My Brilliant Educational History


One of my tutors for this session asked us this week to reflect on how in school we were almost certainly berated by our teachers for being stupid. I can't recall that ever happening to me, although I can recall being berated for being smart.

My parents were (and are) very much children of the 50s, and terms like "validation", "self-esteem", and so on were foreign to them, as indeed they were to me until quite recently. Consequently, expressions of parental approval were mainly confined to reacting to displays of cleverness on my part. (If you know me, this will explain a lot.) So initially, I seized on school as just another opportunity to impress authority figures with how bright I was, and bask in their approval.

At about the age of ten, this congenial arrangement started to fall apart for a number of reasons. For the first time, I had a teacher (whose name mercifully escapes me) who, even to a ten year old, was clearly a buffoon. Also the satisfaction to be had from correctly completing pointless exercises was starting to wane. Although I am a remarkably vain person, being congratulated by an idiot for a wholly worthless achievement just isn't terribly motivating.

So I stopped bothering. No homework was done, save for the concoction of elaborate excuses as to why homework wasn't done. Precious little work was done in class. I became a master daydreamer. The odd thing was that this had absolutely zero effect on my academic performance. In first grade, at the age of six, I was placed in the top class, and I remained in the top class throughout primary school and high school, with one single brief blip.

If I recall correctly, it was in year nine that my reluctance to complete work became such a scandal that for one subject - chemistry - I was put down into the second highest class.

"What are you doing here, Davo?" boomed Mr. Riley as he entered class on the first day, "You don't belong here!"

Even with the self-obsessed gormlessness of a teenaged male, I knew that he was scolding me for the laziness which he held to be the sole reason I was not in the top class. However it didn't occur to me until recently that he was also sending a message to the rest of the class: "Look at this guy; he doesn't even bother to do any work and still he's better than you." No wonder I was such a popular target for playground beatings. I was put back in the top class for Chemistry the following term, after no particular show of effort on my part.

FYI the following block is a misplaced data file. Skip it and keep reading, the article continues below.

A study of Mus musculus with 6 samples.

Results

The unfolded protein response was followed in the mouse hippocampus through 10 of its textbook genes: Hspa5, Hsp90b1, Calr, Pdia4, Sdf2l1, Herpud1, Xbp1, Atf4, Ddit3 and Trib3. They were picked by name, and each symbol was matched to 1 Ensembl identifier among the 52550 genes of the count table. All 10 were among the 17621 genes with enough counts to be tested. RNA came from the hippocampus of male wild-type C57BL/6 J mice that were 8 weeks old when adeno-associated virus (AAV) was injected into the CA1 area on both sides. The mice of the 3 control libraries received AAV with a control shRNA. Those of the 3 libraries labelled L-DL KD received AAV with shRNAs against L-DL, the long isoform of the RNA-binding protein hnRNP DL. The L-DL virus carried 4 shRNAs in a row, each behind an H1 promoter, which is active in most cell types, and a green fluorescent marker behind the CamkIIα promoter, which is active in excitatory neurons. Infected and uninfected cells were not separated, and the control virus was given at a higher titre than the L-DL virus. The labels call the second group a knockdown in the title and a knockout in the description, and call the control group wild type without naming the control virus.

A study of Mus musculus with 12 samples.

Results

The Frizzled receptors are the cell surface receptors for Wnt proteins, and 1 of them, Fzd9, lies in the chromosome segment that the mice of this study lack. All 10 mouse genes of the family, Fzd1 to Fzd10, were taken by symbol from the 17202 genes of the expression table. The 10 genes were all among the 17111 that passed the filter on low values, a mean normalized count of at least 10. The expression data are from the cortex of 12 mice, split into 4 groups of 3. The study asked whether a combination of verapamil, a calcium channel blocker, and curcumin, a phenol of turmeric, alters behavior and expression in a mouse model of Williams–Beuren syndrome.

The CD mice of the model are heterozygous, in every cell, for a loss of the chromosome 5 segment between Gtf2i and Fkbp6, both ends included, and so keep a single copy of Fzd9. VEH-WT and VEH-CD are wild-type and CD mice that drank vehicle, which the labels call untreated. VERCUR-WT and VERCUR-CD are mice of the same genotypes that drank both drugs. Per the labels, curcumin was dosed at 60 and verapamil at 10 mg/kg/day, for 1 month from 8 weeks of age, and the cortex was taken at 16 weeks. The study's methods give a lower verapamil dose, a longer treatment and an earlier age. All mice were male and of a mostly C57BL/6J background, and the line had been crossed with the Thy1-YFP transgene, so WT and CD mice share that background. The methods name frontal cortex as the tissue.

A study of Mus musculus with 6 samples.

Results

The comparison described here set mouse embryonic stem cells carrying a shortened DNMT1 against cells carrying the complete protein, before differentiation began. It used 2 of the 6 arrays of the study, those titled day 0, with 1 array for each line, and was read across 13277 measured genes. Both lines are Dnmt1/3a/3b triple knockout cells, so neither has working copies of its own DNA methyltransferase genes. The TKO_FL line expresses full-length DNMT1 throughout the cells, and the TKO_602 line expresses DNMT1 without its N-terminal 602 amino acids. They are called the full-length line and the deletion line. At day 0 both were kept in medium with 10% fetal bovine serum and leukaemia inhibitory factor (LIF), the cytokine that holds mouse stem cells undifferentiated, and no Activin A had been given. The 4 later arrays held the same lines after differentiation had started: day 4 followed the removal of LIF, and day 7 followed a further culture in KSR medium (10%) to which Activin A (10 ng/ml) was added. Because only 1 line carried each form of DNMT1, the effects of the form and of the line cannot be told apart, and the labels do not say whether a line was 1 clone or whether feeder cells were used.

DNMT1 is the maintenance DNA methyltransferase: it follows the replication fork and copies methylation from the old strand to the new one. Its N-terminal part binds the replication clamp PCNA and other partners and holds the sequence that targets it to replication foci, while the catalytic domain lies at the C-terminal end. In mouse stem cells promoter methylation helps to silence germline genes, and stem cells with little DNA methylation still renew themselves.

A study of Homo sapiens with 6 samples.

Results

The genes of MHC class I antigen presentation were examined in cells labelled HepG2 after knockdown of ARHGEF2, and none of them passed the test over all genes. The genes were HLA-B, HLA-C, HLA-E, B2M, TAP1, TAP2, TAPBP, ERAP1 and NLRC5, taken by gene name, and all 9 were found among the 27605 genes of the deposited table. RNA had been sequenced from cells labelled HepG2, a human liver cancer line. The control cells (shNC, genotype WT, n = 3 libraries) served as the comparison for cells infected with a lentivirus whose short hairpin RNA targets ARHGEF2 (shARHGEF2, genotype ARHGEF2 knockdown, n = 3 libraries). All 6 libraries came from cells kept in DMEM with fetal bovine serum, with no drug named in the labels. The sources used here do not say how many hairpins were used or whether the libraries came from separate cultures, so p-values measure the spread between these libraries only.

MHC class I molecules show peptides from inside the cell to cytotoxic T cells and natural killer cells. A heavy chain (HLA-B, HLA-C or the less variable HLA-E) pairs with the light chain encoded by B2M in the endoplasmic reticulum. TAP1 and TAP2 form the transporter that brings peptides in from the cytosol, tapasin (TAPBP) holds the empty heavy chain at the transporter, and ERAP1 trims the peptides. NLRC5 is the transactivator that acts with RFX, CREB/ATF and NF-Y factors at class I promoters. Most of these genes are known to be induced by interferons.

What struck me most (aside from the beatings) was the difference in the quality of education given to the top class versus the one below. There was no expectation that the kids one rung down could (or perhaps should) perform at the same level as their more privileged peers. With rare exception, no amount of disengagement could drop you from the top class, and conversely no amount of work could elevate you into it. Grading children in this way was clearly not a measure of performance, or even aptitude; it was simply a way of allocating educational resources to produce a batch of children 20% of whom were ready for higher education and/or managerial jobs, and 80% of whom were content (or at least resigned) to be manual labourers or factory fodder. I don't imagine things have changed much since the 1980s. Not for the better, anyway.

Throughout school, I was always assured that if I just kept my head down and did as I was told, the next stage would be more rewarding. Sure primary school was all rote learning and busy work, but at high school I'd be in my element. Then okay, junior high school isn't so great, but senior high school is an altogether different kettle of fish. Then, just wait till you get to university!

By the end of it I no longer entertained any thought of going to university. What's the point if I can't join Footlights and hang out with Peter Cook and the Pythons and Douglas Adams? It's the 1980s, for heaven's sake; even the best universities in Australia are little more than fancy vocational training colleges, anyway.

Later I realised that some of my peers who were hardly any less cynical than myself had done something rather clever. They'd actually learnt some of the things I'd haughtily dismissed. They'd learnt the maths and chemistry that were rapidly becoming irritating gaps in my knowledge. They'd acquired the second language that I'd started to wish I had. They knew the system wasn't what it pretended to be, but had seized something valuable from it regardless.

Twenty-five years later, I'm starting to feel that I may be approaching the level of maturity of those children. I may be, as m'colleague rightly says, on the shittiest campus of the shittiest university in the country (or near enough to it), but I'm going to see what I can do with it. To quote Douglas Adams, "It's either that or back to the dole queue on Monday".